Until the Spanish begin to neuter their cats, there will always be a huge feral population. When we moved to El Hoyo in 2004, we were surprised at how many cats roamed the village, but I guess we’re used to it now. Although not domesticated, they all seem healthy and manage to exist on a diet of lizards, birds and anything else they can catch or scrounge.
As the years roll by, it’s been interesting to watch the feline politics, and to trace the cat family trees. At any given time there is a ruling tomcat, and the latest wave of kittens always reflect this cat’s virility and success with the ladies. Back in 2004, the ruling tom was a huge battle-scarred Siamese mix and the first cat to claim our garden was his daughter, Thief-Cat.She earned her name by stealing the fish off our barbecue when our backs were turned.
Sometimes we’d leave scraps out for Thief-Cat. The only cat she would share her spoils with was a small tabby cat who we named Little Tabs. We guessed that Little Tabs was Thief Cat’s daughter. Little Tabs used to pat our kitchen window when we were preparing food, ever hopeful a scrap might be passed her way.
Thief-Cat inexplicably vanished one day, never to be seen again. But Little Tabs had been busy. Tiny mews alerted us to the fact that she had given birth to two kittens in one of the laying boxes of our chicken coop. We were entranced by the babies but Little Tabs didn’t appreciate our interest and hurriedly moved them out of the garden to a quieter place.
Then one day we found Little Tabs dead and dumped in the village skip. We never found out how she died. However, her kittens, now almost grown, stayed in our garden and claimed it as their own. They thrived and grew into healthy adults. We named them Sylvia and Gravy and occasionally fed them.
Meanwhile, a semi-feral cat gave birth to three kittens on our doorstep and against our better judgement, we cared for them all. We had them inoculated and neutered and managed to find homes for them, not in Spain, but in Germany.
When we went to Bahrain for a year, we worried how Sylvia and Gravy might cope without our handouts, but they did. When we returned, they were still in our garden looking as sleek as they had ever done. The next ruling tomcat was a black and white monster and Sylvia had produced two kittens, one of which was black and white with a comic Hitler moustache who we named Felicity.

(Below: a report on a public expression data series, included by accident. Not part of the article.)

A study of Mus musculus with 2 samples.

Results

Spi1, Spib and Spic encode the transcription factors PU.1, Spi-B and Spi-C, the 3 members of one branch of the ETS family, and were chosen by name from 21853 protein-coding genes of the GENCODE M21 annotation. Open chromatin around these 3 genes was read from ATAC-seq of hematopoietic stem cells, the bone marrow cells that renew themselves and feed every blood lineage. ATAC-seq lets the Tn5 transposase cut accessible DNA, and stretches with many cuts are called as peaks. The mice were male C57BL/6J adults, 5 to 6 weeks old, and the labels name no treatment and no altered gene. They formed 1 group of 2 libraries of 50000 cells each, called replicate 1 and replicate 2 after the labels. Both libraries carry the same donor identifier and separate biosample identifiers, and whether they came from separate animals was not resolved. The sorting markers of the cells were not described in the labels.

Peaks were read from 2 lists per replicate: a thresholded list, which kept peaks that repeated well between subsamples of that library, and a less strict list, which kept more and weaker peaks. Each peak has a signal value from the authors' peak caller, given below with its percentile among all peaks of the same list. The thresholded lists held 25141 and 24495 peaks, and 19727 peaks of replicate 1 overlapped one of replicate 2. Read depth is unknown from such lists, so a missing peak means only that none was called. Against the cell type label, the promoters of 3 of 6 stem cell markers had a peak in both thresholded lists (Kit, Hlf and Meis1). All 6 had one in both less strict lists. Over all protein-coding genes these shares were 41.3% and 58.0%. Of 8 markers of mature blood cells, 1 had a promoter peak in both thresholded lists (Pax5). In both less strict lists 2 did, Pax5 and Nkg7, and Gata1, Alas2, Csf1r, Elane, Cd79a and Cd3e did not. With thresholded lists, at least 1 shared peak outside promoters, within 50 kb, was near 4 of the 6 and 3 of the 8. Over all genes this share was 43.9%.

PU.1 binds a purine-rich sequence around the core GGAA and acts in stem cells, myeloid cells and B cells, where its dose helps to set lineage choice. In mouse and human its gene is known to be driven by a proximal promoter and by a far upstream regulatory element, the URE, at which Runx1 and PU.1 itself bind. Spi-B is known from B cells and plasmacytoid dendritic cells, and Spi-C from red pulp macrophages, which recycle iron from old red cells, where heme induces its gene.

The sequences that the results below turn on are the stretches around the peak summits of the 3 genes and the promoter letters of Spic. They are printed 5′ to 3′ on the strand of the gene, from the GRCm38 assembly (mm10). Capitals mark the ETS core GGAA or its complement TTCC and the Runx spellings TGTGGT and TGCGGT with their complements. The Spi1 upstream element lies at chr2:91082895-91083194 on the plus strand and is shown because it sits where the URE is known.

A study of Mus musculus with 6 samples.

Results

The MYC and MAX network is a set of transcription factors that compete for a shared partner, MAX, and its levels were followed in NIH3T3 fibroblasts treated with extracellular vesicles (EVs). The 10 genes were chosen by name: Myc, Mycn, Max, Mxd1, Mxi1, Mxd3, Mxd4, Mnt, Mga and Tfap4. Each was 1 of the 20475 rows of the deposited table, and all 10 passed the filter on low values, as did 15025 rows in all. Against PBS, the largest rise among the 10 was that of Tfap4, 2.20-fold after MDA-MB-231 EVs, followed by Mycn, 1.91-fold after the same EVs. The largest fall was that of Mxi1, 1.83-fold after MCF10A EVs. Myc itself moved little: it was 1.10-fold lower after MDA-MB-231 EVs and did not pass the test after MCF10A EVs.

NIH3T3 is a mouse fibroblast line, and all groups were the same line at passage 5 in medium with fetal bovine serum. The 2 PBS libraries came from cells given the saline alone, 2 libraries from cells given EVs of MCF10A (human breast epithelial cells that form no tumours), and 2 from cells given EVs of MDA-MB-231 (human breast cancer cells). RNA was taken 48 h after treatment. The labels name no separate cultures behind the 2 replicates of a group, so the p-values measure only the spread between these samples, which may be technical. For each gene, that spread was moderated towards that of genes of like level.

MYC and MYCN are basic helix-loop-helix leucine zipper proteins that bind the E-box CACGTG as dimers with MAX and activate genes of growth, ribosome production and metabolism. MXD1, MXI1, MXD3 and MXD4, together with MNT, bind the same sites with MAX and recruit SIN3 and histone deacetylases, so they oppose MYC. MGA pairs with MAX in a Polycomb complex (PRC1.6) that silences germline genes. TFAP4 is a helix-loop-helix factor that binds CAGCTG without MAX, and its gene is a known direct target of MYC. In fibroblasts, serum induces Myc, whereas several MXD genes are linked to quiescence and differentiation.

Soon after, Gravy disappeared, but Felicity was here to stay. The year after, she too had black and white kittens who grew and eventually went off to find their own fortunes. This year, the black and white tomcat has been ousted, replaced by a giant coal-black tom with eyes like yellow beacons. And yes, you may have already guessed it, all this year’s kittens are tiny black replicas of their father.
Now that summer is here and the sun has bleached all the colour out of the mountains, it’s hot enough to barbecue regularly. As we guard the fish on the grill against the stealthy paws of cats, I am reminded of Thief-Cat, the great-great-grandmother of this year’s kittens.
Where did that 10 years go?
Spanish Recipe of the Month
Sorbete de Limon or Spanish style lemon sorbet is such an easy dessert to do. A most welcome refreshment in the heat of summer or a classy after dinner treat whenever. With an abundant supply of lemons all year round, this dish is welcome at any time of year and depending on the options you choose for added flavour, you can transform this dessert from a cooling, invigorating summer dessert to a fresh, fragrant Christmas indulgence.
Preparation: 10 minutes
Cooking: 20 minutes
Chilling: 3-4 hours
300g granulated sugar
8 mint leaves
475 ml lemon juice, roughly 6-8 lemons
Peel of one lemon, grated
200ml condensed milk
1. In a medium saucepan, combine the sugar, water and mint leaves. Cook on high until the water comes to the boil and then boil for 10 minutes, stirring from time to time.
2. While the water is boiling, juice all of the lemons (I do this straight into a measuring jug, so I know where I am) strain the juice into a large bowl and then add the grated peel of one lemon.
3. Once the water and sugar solution has been boiling for 10 minutes, remove from the heat and allow to cool for about 15 minutes, during which time remove the mint leaves. Once the solution has cooled, it will become a syrup.
4. Add your cooled syrup to the bowl with the lemon juice and lemon peel, whisk thoroughly to combine then cover and place in the freezer for 2-2 ½ hours.
5. Once the mixture has almost frozen, take it out of the freezer and slowly add the condensed milk, whisking all the time.
6. Return the mixture to the freezer until completely frozen and ready to serve.
7. Take the sorbet out of the freezer about 5-10 minutes before serving as it will be easier to dish up.
Variations: Use a cinnamon stick instead of the mint leaves for a more fragrant, warm flavour. For non dairy, use two whisked egg whites instead of the condensed milk but increase the sugar to 350g.
by Victoria Twead.
Victoria is a New York Times bestselling author. In 2004 she nagged poor, long-suffering Joe into leaving Britain and relocating to a tiny, remote mountain village in Andalucía, where they became reluctant chicken farmers and owned the most dangerous cockerel in Spain. Village life inspired Victoria’s first book, Chickens, Mules and Two Old Fools, and was quickly followed by two more in the Old Fools series, all of which fast became Amazon bestsellers.
Victoria and Joe continue to enjoy life keeping chickens, writing, sampling the local wine and living alongside their colourful neighbours.